The eventual insured loss total for typhoon Halong which struck Japan at the weekend could be of a similar magnitude to 2011’s typhoon Roke which was estimated at $1.1 billion, according to risk modeller AIR Worldwide.
Typhoon Halong struck Japan on Sunday, having been downgraded to a tropical storm just prior to landfall. Despite the lower windspeeds, it was the rainfall levels which will drive the majority of the insurance and reinsurance industry losses from Halong, with record levels of rain experienced in many areas of Japan in recent weeks.
In some cases as much as three feet of rainfall was dumped by typhoon Halong as the storm passed along the main Japanese islands. This prompted a rare emergency weather warning from the Japanese Meteorological Agency, resulting the evacuation of half a million people.
“As of Monday morning JST, Halong had transitioned to a post-tropical cyclone located at 43° North latitude and 137° East longitude over the Sea of Japan,” Dr. Anna Trevino, scientist at AIR Worldwide, said in an update. “Currently, Halong exhibits sustained winds of 56-111 km/h (35-69 mph). Flood warnings, however, remain in effect throughout Hokkaido, Japan’s northernmost major island.”
“Halong lashed the region with high winds and torrential rains, including the major cities of Osaka, Kobe, and Kyoto. Record-breaking rainfall was recorded in Mie Prefecture—which was inundated by nearly 17 inches of rain in 24 hours—prompting an emergency weather warning by the JMA that triggered the evacuation of half a million people,” continued Dr. Trevino.
Rainfall rates recorded are astounding in many cases, with one area of Kochi prefecture reporting 33.94 inches of rain in a 24 hour period due to Halong and over 42 inches in a 72 hour period. The extreme rainfall resulted in landslides in Kochi prefecture and widespread flooding and is among the 10 largest rainfall levels recorded since the observation network was installed by the JMA in the 1970’s.
Dr. Trevino noted the similarity to 2011’s typhoon Roke; “Following on the heels of Typhoon Neoguri, which impacted southern Japan a month ago, Halong inflicted further damage on the already saturated region. Taken together, Neoguri and Halong caused flood damage to over 2,000 homes across Japan, with both storms causing the most damage in Kochi prefecture. In addition, note that Halong followed a track path similar to that taken by Typhoon Roke in 2011, which caused major flooding and damaged over 3,000 homes; insured losses from Roke have been estimated at USD 1.1 billion, primarily as a result of flood damage.”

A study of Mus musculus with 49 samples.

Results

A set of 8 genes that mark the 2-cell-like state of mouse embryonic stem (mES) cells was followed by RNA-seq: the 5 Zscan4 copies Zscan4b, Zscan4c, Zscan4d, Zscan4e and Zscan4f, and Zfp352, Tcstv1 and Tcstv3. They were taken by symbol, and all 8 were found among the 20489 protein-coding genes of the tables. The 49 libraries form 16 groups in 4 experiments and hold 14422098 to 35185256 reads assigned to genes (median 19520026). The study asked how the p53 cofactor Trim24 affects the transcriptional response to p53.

Risk modelling firm RMS highlighted some wind damage caused by typhoon Halong, as well as the flooding impacts, in its latest update on the storm:
Tochigi Prefecture on Honshu Island, 60 mi (100 km) north of Tokyo, appears to be the worst affected by wind damage, which may be associated with an unconfirmed tornado. In southern Honshu, Mie Prefecture also experienced wind damage from Halong.
Kochi and Tokushima Prefectures on Shikoku Island appear worst affected by flooding with the Japanese Fire and Disaster Management Agency (FDMA) reporting that over 270 houses have suffered some wind related damage, while close to 2,500 homes have experienced flooding, over 700 of which were above floor level (09:00 local time August 11).
Over 1.6 million people were ordered to evacuate southern Japan on Saturday August 9 and Sunday August 10 as a precaution against strong winds and landslides triggered by heavy rainfall.
Landslides have been reported in Kochi Prefecture on Shikoku Island as a result of the heavy rainfall brought by Halong, which downed a number of trees, though reports indicate that no homes have yet been affected by the landslides in these regions.
Even at $1.1 billion the insurance industry loss from typhoon Halong will not trouble exposed Japan typhoon catastrophe bonds, such as Aozora Re Ltd. (Series 2014-1) & Akibare II Ltd., it also won’t trouble the reinsurance sector unduly as most of a loss that size would be expected to fall to the Japanese primary insurers.